The evolution and history of 'quid pro quo'

The evolution and history of 'quid pro quo'
Congressman Adam Schiff image via ABC Screengrab

Quid Pro Quo: A favor or advantage granted or expected in return for so.

Over the past two months, the impeachment inquiry has sparked intense debate over the alleged quid pro quo agreement between President Donald Trump and the Ukrainian government to investigate Joe Biden in exchange for lifting halted military aide.

In the rough transcript of the phone call between President Trump and President Zelensky released by the White House, President Trump states “I would like you to do us a favor though” to President Zelensky while discussing the United States providing military support for Ukraine. President Trump has fiercely defended himself, claiming that there was “no quid pro quo” in his “perfect” phone call to the Ukrainian President. As Congress brings public hearings in the impeachment inquiry, it is important to understand exactly what “quid pro quo” means to determine if it applies to this phone call. Historians have provided an important perspective on how our understanding of “quid pro quo” has changed over time.

In an interview with NPR, the Wall Street Journal’s language columnist Ben Zimmer discussed the definition and past understanding of the term. Quid pro quo means “something for something” in Latin. Zimmer explained that in the 16th century, apothecaries would substitute one medication (quid) with a similar one that often did not work as well or may have even been harmful (quo). It was a “practice people were scared of,” Zimmer stated.  Once the term quid pro quo was used in a legal context, the term retained its initial negative connotation although it should seem neutral. Even though “quid pro quo” has been used in the English language for over 500 years, “the political situation can't help but reform the way that we're going to understand this particular phrase.” History demonstrates that the use of this term has evolved based on the ways it has been utilized over time, the most recent being its legal use in the impeachment inquiry.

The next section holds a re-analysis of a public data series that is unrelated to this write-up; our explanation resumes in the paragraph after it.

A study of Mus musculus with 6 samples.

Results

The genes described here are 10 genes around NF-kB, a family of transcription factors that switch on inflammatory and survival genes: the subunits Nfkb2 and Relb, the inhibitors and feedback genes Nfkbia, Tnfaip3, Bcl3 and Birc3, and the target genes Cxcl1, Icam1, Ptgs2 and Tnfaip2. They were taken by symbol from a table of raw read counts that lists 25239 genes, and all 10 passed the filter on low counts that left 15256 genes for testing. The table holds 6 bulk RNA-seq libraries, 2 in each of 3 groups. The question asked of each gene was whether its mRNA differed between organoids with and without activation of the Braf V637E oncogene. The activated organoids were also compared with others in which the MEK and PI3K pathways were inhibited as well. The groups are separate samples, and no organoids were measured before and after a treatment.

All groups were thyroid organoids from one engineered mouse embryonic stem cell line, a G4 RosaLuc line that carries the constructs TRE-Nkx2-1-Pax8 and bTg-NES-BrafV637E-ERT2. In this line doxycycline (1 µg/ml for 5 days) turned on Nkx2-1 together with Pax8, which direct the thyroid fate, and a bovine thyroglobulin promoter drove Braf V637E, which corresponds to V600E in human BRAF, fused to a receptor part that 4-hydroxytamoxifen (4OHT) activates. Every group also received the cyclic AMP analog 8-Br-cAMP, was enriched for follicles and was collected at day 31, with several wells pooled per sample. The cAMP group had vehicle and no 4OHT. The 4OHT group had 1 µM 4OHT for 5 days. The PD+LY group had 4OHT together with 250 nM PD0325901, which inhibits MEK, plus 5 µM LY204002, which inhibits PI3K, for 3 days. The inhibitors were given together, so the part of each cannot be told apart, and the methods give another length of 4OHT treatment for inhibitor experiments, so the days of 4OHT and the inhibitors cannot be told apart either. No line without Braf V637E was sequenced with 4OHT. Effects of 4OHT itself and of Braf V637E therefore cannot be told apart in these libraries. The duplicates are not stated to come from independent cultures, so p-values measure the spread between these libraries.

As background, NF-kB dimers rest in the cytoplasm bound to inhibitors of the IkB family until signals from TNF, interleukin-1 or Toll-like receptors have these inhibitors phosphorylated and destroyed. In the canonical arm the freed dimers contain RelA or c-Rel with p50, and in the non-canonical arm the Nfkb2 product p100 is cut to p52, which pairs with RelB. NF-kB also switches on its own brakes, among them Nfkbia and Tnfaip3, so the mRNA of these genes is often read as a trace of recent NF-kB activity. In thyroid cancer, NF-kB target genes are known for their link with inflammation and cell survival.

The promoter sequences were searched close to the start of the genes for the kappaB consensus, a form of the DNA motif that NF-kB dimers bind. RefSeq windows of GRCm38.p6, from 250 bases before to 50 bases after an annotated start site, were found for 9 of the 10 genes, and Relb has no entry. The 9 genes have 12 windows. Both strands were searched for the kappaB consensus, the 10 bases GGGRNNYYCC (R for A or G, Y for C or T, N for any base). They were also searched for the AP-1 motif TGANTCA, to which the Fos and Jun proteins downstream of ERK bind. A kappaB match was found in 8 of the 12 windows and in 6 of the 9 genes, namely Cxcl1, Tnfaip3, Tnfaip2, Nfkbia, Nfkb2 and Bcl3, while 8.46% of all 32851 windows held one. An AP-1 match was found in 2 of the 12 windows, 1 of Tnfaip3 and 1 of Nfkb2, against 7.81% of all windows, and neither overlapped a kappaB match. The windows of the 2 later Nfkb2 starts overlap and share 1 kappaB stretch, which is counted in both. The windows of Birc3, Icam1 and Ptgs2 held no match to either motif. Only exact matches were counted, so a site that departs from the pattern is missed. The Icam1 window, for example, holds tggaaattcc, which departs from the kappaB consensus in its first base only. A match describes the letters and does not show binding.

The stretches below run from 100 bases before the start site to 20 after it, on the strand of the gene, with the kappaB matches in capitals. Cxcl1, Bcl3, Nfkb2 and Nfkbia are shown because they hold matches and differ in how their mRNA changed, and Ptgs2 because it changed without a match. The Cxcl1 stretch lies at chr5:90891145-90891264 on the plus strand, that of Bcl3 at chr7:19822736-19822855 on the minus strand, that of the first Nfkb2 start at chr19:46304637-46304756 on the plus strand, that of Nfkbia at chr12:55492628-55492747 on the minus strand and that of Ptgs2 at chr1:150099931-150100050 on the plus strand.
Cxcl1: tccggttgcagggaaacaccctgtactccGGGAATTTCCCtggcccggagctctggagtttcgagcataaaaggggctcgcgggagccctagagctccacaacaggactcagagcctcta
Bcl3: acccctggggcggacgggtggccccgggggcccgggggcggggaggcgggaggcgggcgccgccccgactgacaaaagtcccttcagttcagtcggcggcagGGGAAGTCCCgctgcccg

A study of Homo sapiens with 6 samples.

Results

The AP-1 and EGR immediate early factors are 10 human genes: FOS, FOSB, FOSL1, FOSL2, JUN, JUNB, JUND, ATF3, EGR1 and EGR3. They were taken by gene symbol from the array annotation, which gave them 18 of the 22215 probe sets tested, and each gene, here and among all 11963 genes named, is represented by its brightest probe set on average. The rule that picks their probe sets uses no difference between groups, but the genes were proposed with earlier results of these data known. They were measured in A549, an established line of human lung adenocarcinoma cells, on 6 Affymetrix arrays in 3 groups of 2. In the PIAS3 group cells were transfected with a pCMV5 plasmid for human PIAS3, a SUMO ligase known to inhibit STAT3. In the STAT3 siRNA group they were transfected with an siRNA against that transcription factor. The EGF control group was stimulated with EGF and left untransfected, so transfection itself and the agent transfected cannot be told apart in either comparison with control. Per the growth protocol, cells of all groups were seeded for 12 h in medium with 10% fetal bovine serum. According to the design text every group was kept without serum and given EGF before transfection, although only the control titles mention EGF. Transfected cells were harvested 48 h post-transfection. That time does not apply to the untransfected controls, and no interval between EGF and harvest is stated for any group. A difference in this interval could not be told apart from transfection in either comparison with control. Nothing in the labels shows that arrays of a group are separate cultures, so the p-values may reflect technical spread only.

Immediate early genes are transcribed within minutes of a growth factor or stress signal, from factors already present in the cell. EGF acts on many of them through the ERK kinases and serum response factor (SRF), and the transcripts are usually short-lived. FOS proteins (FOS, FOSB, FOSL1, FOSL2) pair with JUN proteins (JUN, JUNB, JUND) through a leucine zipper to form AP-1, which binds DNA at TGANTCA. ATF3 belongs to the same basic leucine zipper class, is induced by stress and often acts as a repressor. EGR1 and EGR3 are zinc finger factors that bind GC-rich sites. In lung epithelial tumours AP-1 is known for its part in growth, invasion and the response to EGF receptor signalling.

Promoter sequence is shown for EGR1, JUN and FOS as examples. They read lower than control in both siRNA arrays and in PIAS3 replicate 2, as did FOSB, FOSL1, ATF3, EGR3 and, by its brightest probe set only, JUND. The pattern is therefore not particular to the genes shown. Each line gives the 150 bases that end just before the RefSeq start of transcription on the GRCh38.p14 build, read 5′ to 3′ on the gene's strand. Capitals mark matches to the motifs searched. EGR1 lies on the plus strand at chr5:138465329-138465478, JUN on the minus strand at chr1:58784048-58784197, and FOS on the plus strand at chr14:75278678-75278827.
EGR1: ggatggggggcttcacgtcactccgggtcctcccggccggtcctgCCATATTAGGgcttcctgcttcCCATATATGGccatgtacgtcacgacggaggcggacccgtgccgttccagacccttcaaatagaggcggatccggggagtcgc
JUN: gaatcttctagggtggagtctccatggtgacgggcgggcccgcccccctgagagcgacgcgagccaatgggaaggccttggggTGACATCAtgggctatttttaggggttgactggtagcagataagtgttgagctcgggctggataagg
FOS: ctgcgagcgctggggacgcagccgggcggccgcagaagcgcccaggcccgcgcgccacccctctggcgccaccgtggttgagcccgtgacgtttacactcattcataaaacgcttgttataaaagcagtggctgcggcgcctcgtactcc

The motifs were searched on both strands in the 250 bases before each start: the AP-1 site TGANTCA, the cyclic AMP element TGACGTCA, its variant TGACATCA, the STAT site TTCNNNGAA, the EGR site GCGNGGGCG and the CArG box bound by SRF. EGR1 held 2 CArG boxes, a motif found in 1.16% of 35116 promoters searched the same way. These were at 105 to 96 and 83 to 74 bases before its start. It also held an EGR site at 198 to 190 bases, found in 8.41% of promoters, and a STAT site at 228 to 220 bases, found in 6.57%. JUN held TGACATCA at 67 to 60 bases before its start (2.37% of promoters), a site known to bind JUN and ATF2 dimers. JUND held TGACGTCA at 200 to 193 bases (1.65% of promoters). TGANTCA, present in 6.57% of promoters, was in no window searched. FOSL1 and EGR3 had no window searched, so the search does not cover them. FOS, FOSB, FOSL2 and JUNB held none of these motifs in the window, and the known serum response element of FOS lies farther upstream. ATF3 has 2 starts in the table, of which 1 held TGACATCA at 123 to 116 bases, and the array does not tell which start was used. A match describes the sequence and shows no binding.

Today, lawyers evaluate quid pro quos in cases involving bribery, extortion, and sexual harassment, Columbia Law School professor Richard Briffault explained in a New York Times article. He highlighted that while not all instances are illegal, in politics the term is often used to describe corruption. The Washington Post’s video “Quid pro quo, explained” highlighted that quid pro quo is usually very hard to prove because it is rare that there is an explicit demonstration of trading one thing for another.  The initial deal does not have to be successfully completed to be considered quid pro quo; an attempt is sufficient.

Doug Rossinow, a history professor at Metropolitan State University, compared the Ukrainian quid quo pro with the Iran-Contra affair in a Washington Post article.  In 1984, Congress passed a law that essentially barred President Ronald Reagan from using a proxy army, known as the Contras, to destabilize the socialist government in Nicaragua. In an attempt to secretly maintain supplying the Contras with weapons and money, Reagan engaged in illegal efforts with other governments to supply the contras for the United States in return for U.S. military aid. The article explains that what made this the Iran-contra affair was the fact that once this scandal came to light in 1986 after a supply plane was shot down by Nicaraguans, it was also discovered that Reagan’s team had authorized the sale of weapons to Iran, which was labeled a terrorist state. Even when this scandal emerged publicly, Reagan avoided impeachment. Rossinow emphasized a key difference between these two situations: “Like Reagan, Trump has played fast and loose with American assets and security policy… Reagan committed impeachable acts out of zealotry, Trump played the Ukraine card in what seems a crassly political gambit.” Reagan was able to avoid impeachment his motives did not seem to be for his own personal political gain.

While the use and meaning behind “quid pro quo” evolved over time, its history demonstrates how it has come to be associated with corruption and abuse of power. Understanding the history of this phrase is important because it allows for an informed opinion on the current impeachment.

Samantha Benthien is an Intern at the History News Network.